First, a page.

Egypt ranked as the third country in the world with the highest number of journalists behind bars in 2016, after Turkey and China, according to a recent annual census report released by the Committee to Protect Journalists (CPJ).
As of 1 December 2016, “there were 259 journalists in jail around the world. Turkey had at least 81 journalists behind bars. China, which was the world’s worst jailer of journalists in 2014 and 2015, dropped to the second spot with 38 journalists in jail. Egypt, Eritrea, and Ethiopia are third, fourth and fifth worst jailers of journalists, respectively,” CPJ stated in a press release on Tuesday.
According to reports by local NGOs and the Egyptian Press Syndicate throughout the year, the freedom of the press has continued to deteriorate.
In 2016 and for the first time in Egypt’s press history, the president of the syndicate and two of its deputies, including the head of the syndicate’s Freedoms Committee, faced legal prosecution and were handed prison verdicts.
While the CPJ recorded 25 journalists behind bars, the syndicate recorded 29 imprisoned journalists.
CPJ’s list included journalist Mahmoud Abdel Naby, correspondent for RASSD news website, detained since July 2013. He was arrested while covering clashes in Alexandria, but did not face trial until late 2016. His trial, according to the CPJ, has been postponed until 2017.
According to the Journalists Against Torture Observatory (JATO), Abdel Naby was beaten in Borg El-Arab prison and subjected to torture, including electrocution and tear gas. He was also placed in solitary confinement. His health has reportedly deteriorated.
Photojournalist Mahmoud Abou-Zeid, known as Shawkan, also stands among some of the longest-serving imprisoned journalists in Egypt. Detained since August 2013 and arrested while covering the dispersal of the pro-Muslim Brotherhood sit-in at Rabaa Al-Adaweya, Shawkan’s trial has been repeatedly prolonged. His court sessions have been postponed several times due to the large number of defendants in the case. Shawkan faces, alongside more than 700 others, charges of violence.
Shawkan was a recipient of CPJ’s International Press Freedom Awards in 2016. While being held at Tora Prison, he was diagnosed with Hepatitis C and his health has deteriorated, the journalist’s family told CPJ.
Also arrested in August 2013 were RASSD executive director Abdullah Al-Fakharany, co-founder Samhy Mostafa and Amgad TV presenter Mohamed al-Adly.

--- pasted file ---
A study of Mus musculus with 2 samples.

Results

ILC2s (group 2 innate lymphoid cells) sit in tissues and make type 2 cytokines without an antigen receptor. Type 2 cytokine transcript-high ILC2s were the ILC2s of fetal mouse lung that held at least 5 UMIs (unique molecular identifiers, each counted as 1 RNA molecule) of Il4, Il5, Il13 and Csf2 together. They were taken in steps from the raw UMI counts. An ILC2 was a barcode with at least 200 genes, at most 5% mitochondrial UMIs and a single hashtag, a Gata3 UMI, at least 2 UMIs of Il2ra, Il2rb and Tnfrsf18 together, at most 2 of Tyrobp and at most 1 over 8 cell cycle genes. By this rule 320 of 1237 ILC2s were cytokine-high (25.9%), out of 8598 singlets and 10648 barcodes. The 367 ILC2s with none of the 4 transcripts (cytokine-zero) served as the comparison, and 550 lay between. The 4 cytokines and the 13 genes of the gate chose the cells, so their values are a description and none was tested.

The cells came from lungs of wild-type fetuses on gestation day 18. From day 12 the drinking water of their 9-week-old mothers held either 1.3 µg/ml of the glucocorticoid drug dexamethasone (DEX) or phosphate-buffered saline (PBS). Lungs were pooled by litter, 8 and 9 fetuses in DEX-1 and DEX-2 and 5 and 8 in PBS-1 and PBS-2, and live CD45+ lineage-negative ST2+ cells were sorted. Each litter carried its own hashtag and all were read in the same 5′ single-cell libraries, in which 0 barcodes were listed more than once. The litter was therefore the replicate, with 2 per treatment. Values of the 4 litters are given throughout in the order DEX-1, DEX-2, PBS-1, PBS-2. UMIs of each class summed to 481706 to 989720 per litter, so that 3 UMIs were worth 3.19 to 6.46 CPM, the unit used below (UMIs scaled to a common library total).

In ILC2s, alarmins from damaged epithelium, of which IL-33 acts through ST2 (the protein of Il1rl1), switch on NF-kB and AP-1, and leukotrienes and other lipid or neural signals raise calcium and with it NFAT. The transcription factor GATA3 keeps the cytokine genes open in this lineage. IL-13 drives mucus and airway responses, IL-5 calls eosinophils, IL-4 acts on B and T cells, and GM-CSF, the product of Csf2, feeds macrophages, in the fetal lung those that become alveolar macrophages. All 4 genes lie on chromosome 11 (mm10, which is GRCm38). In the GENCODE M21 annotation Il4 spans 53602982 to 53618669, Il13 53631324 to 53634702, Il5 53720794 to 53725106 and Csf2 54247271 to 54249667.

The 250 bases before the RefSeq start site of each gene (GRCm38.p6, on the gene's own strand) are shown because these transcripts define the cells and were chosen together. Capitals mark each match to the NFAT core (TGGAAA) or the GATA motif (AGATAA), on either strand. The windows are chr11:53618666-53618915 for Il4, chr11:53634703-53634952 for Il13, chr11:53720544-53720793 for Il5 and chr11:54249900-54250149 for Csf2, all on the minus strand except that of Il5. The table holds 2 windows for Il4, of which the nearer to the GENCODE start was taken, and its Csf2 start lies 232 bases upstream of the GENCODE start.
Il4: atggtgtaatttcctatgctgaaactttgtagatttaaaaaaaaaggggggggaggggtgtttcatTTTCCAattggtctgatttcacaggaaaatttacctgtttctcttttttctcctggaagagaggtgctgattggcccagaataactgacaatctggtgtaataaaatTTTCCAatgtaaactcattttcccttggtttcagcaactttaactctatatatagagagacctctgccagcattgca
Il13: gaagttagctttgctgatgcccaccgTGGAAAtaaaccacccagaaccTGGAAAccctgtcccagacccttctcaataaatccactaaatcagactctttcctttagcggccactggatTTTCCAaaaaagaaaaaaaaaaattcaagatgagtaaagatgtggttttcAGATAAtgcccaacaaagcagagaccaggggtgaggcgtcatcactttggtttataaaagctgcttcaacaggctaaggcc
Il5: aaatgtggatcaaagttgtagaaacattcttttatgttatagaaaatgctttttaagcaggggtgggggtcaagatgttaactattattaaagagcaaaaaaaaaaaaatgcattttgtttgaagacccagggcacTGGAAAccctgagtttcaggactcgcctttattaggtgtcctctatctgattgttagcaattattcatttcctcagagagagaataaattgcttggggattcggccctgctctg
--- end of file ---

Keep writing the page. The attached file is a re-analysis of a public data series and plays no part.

According to CPJ, the trio were charged with “spreading chaos and forming an operations room to direct the Muslim Brotherhood to defy the government during the dispersal of the sit-in at Rabaa Al-Adaweya. The prosecutor-general accused the Muslim Brotherhood of using several media outlets, including RASSD and Amgad TV, to support its plot to take over the government and spread lies about the military and the government,” the report said.
The journalists were first sentenced to life in prison in 2015 but the Cassation Court revoked their penalties, granting them a retrial.
There is also the case of Hany Salah El-Din, detained since November 2013. The journalist has “chronic conditions, including diabetes, high blood pressure, and poor eyesight. In mid-April 2015, he was sent to Al-Manial hospital in Cairo to be treated, according to news reports, but his wife says he needs additional medical care, which he is not receiving,” CPJ said.
CPJ also mentioned the cases of Abdallah Shousha from Amgad TV, arrested in September 2013, and Omar Abdel Maqsoud, from Misr al-Arabia, among others such as freelance journalist Hassan El-Kabbani, detained since January 2015.
“The journalist is being held at Scorpion prison, a maximum-security facility that is part of Cairo’s Tora prison complex, with restricted visits, according to news reports citing El-Kabbani’s wife,” CPJ stated.
More detained journalists included freelance journalist Ismail Alexandrani, Sabry Anwar from El Badil, Hisham Gaafar, director of the Mada Foundation for Media Development, Mohamed El-Battawy from Akhbar Al-Youm, and Abdelrahman Abdelsalam Yaqot from Karmoz website, among others.
CPJ also mentioned the blogger and well-known political activist Alaa Abdel Fattah, who is serving a five-year prison term over protest charges.
In CPJ’s census of 2015, the number of imprisoned journalists in Egypt stood at 23, second only to China with 49 and surpassing Turkey by 9.
In 2015, Minister of Foreign Affairs Sameh Shoukry said Egypt has no journalists behind bars related to the freedom of expression of their work.
In November, the syndicate’s Freedoms Committee sent a letter to the presidential committee in charge of listing prisoners eligible for pardons demanding the unconditional release of 29 journalists, state-owned media Al-Ahram reported.